Reggie Shaw doesn't remember much about the crash. In the early morning of September 22, 2006, he was driving to work on a two-lane country road in Logan, Utah, when his car crossed the center line and clipped an oncoming vehicle. What happened next was so traumatic that Shaw's 19-year-old mind blocked out the details: The other car swung out of control and was hit broadside by a pickup truck. Though neither Shaw nor the truck driver was hurt, two men in the other car were killed instantly. "I was in total shock," Shaw says.
How could something so horrible have happened on a routine morning drive? The answer came in a forgotten detail revealed by phone records. At the time of the deadly collision, Shaw had been sending a text message. "Texting while driving was something I did all the time," he admits. "I never imagined a simple message could change lives forever. It was an ignorant, terrible, selfish choice that will haunt me for the rest of my life."
Sentenced to 30 days in jail, 200 hours of community service, and a year's probation for negligent homicide, Shaw got off easy. The outcry over his case led Utah to pass tough new laws banning texting while driving, and to stiffen fines and jail time for violators.
Distracted driving has become epidemic for a generation of kids who have grown up with technology at their fingertips. Between 1999 and 2008, deadly nighttime crashes involving drivers between the ages of 16 and 19 increased by 10 percent—and researchers largely blame driver distraction on texting or talking on cell phones. Today, 30 states and the District of Columbia forbid texting behind the wheel, and 28 ban any type of handheld cell phone use by novice drivers. Other states are considering graduated licensing laws that restrict young drivers from using mobile electronics until they're older and more experienced (see "Learning Curve"). A federal law is in the works as well. "It's definitely a hot-button issue," says Judie Stone, president of Advocates for Highway and Auto Safety. "I've never seen so much legislative activity over a safety concern."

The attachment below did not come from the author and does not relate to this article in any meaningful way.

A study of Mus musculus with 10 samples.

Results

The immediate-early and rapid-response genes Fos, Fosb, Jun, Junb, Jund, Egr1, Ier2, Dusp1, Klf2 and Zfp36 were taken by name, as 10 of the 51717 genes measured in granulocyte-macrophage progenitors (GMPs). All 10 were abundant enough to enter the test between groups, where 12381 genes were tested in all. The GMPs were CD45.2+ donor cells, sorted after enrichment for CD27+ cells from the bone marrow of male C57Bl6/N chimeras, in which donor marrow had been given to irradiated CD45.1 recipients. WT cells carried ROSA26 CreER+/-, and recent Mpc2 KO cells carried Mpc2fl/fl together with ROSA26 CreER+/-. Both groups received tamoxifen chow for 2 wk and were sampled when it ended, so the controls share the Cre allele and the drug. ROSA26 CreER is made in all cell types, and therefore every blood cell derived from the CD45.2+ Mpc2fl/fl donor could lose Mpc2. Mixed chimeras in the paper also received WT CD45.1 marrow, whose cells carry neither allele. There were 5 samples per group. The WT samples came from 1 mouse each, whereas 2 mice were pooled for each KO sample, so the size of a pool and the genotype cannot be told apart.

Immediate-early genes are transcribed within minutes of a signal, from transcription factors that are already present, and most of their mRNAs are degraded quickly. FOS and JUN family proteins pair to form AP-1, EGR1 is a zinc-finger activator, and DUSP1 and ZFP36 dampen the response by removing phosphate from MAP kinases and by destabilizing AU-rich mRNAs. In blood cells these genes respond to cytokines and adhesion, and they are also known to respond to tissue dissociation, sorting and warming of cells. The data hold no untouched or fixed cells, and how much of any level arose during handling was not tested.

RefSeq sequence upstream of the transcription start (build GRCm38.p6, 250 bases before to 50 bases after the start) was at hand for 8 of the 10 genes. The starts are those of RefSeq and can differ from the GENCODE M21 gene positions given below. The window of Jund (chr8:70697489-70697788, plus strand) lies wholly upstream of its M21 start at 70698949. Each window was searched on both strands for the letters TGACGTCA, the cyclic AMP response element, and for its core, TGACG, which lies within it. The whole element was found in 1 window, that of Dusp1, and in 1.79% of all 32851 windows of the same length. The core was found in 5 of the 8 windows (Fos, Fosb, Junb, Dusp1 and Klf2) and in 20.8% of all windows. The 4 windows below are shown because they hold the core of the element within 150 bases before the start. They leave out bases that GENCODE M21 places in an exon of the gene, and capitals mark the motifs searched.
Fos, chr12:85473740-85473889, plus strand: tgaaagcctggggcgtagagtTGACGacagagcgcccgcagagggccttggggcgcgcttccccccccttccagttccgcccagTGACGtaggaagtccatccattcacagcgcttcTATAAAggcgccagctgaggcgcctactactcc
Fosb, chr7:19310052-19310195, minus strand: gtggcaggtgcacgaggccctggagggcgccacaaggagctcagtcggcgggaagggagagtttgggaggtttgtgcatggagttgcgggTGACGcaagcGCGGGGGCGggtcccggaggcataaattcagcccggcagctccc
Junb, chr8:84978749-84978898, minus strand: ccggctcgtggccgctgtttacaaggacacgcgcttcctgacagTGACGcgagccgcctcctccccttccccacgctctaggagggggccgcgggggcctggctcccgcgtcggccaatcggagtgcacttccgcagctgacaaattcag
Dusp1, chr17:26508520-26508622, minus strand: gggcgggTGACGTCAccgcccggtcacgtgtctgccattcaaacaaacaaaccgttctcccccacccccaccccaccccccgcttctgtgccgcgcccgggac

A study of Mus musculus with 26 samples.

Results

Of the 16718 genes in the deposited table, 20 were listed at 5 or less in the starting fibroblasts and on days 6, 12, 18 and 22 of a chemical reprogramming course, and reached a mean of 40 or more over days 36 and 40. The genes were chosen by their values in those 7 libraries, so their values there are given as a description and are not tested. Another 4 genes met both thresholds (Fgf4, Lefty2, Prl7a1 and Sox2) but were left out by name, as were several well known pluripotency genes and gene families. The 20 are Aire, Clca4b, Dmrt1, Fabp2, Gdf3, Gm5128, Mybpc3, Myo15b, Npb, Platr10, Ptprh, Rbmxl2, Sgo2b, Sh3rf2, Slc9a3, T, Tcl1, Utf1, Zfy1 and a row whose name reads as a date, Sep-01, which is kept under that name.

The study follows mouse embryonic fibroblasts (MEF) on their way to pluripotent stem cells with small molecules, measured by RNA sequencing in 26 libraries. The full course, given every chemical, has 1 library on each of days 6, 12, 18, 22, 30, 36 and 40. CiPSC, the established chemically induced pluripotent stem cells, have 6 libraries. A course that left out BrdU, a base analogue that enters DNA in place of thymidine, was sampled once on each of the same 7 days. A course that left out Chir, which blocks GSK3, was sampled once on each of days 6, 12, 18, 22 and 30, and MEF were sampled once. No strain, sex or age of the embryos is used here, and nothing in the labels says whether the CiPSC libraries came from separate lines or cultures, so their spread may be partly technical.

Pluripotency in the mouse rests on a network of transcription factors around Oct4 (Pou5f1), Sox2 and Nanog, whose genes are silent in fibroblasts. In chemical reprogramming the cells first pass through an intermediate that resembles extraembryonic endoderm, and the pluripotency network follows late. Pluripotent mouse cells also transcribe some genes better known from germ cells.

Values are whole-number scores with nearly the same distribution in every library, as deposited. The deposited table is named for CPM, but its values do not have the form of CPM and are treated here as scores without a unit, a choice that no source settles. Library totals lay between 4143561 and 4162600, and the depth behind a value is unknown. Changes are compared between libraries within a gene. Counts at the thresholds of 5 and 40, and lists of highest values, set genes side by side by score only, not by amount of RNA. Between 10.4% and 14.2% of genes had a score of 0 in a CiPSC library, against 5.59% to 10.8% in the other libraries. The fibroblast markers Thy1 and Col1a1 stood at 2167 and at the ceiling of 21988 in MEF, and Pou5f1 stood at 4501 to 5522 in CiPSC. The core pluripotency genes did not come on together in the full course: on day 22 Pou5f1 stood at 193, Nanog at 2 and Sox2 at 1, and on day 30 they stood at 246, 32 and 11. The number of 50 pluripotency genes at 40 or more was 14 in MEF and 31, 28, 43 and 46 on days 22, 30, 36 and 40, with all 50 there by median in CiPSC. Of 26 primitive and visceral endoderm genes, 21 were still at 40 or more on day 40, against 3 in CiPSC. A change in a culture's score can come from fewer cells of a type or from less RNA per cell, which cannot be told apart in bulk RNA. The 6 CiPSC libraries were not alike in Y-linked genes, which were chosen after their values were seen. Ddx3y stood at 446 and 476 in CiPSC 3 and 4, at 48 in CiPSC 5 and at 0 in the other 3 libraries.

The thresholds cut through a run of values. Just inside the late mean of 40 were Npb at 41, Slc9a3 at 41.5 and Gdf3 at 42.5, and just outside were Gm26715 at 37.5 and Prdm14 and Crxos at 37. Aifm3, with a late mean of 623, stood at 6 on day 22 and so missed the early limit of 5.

But laws alone aren't enough to keep kids focused on the road, and restricting mobile devices doesn't bring crash rates down. That's because enforcement isn't the only issue, according to Flaura Winston, PhD, principal investigator at the Young Driver Research Initiative, a collaboration between Children's Hospital of Philadelphia and State Farm Insurance. "Most laws ban only handheld phones, but hands-free phones are just as distracting," she says. "While physically holding a device is dangerous, a kid talking hands-free is also likely to stop scanning the road and stare straight ahead. It's like having tunnel vision."
Almost 90 percent of teens say they've seen other kids talk on phones behind the wheel, according to the Young Driver Research Initiative. And since young drivers are already disadvantaged by their inexperience, this type of diversion adds yet another layer of danger.
The good news is that kids who don't pay attention to laws can still be persuaded to drive more safely—by you. "Parents who talk about distractions and set rules can reduce the likelihood of teens using cell phones by 30 percent and slash their crash risk by half," Winston says. The first step? Make sure kids are well-versed in the sad, scary facts.